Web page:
Virgin-Shaming

We’ve all seen one of those movies.

That dorky, young man comes on screen, stutters around the girls and is eventually is made a “real” man by a woman’s touch. The virgin: he’s just the latest in a long line of Hollywood stock characters. We pity him due to his inexperience and cheer him on when he’s sealed the deal.

In recent years, “slut-shaming” has become a buzzword. Individuals who deviate from traditional gender expectations are shamed ― for requesting birth control, engaging in premarital sex or as victims of rape or sexual assault. Discourses have emerged that recognize slut-shaming as a heinous practice that needs to be abolished.

But there’s another side to this coin. As gender expectations have shifted in our society, a new shaming process surrounding sexual activity is on the rise: virgin-shaming.

In some circles, the virgin is treated as a unicorn of sorts. Often the rational is that there must be something wrong with them. They must be undesirable, unwanted or just plain weird. The male virgin just isn’t a “real” man, while the female virgin must be some sort of sheltered religious nut.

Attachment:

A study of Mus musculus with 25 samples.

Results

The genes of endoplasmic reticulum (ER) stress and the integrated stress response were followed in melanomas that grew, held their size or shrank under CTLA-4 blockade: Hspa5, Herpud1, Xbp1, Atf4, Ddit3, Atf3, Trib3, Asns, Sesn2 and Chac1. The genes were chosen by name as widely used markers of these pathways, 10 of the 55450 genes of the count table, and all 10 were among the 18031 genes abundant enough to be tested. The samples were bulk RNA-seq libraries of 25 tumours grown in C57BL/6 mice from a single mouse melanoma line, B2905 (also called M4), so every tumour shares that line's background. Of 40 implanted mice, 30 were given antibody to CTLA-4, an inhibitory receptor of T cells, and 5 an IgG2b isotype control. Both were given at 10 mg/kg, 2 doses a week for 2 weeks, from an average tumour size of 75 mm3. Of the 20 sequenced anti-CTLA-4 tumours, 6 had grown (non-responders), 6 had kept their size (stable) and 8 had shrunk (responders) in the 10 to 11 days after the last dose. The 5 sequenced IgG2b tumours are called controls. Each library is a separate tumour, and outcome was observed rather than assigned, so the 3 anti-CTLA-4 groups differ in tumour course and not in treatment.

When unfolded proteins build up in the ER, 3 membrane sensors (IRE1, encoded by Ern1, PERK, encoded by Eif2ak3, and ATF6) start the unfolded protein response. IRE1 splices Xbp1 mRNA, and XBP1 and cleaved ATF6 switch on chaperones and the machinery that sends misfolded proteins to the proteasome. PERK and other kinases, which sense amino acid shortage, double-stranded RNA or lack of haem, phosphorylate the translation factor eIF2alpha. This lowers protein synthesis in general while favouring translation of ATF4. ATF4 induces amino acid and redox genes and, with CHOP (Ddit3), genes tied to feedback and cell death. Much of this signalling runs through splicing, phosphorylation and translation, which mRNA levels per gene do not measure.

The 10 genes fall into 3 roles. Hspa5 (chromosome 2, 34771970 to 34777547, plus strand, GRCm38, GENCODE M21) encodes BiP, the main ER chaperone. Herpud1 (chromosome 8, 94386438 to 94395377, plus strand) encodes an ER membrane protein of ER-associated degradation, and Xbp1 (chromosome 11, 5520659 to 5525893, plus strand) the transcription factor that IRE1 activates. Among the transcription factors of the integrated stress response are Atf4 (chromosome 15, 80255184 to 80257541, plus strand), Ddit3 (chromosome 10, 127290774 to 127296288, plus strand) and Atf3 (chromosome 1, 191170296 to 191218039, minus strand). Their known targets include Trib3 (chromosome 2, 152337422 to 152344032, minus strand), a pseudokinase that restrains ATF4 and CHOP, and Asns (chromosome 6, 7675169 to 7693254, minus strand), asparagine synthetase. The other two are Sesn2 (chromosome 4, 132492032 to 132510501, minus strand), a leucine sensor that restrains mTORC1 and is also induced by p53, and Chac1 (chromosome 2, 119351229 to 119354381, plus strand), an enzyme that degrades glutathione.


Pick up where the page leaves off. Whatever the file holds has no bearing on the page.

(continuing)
We’re pressured into believing that maturity, liberation and self-knowledge are somehow only obtainable through experience in sexcapades ― that somehow without these things, we don’t truly know ourselves.

I have numerous friends who’ve “lost it” to strangers in unsafe and uncomfortable circumstances just to “get it over with.” Safety aside, something so inherently personal should never be the result of pressure, guilt or feeling ashamed of inexperience.

There are so many reasons why people choose abstinence: they’re waiting for marriage, they want it to be special, they identify as asexual, etc. But at the end of the day, when it comes down to shaming, the reason is irrelevant. These misconceptions need to be shed and we should strive to make social environments safer and more inclusive.

I think that it’s about time we stopped shaming people who take a different sexual course than ourselves.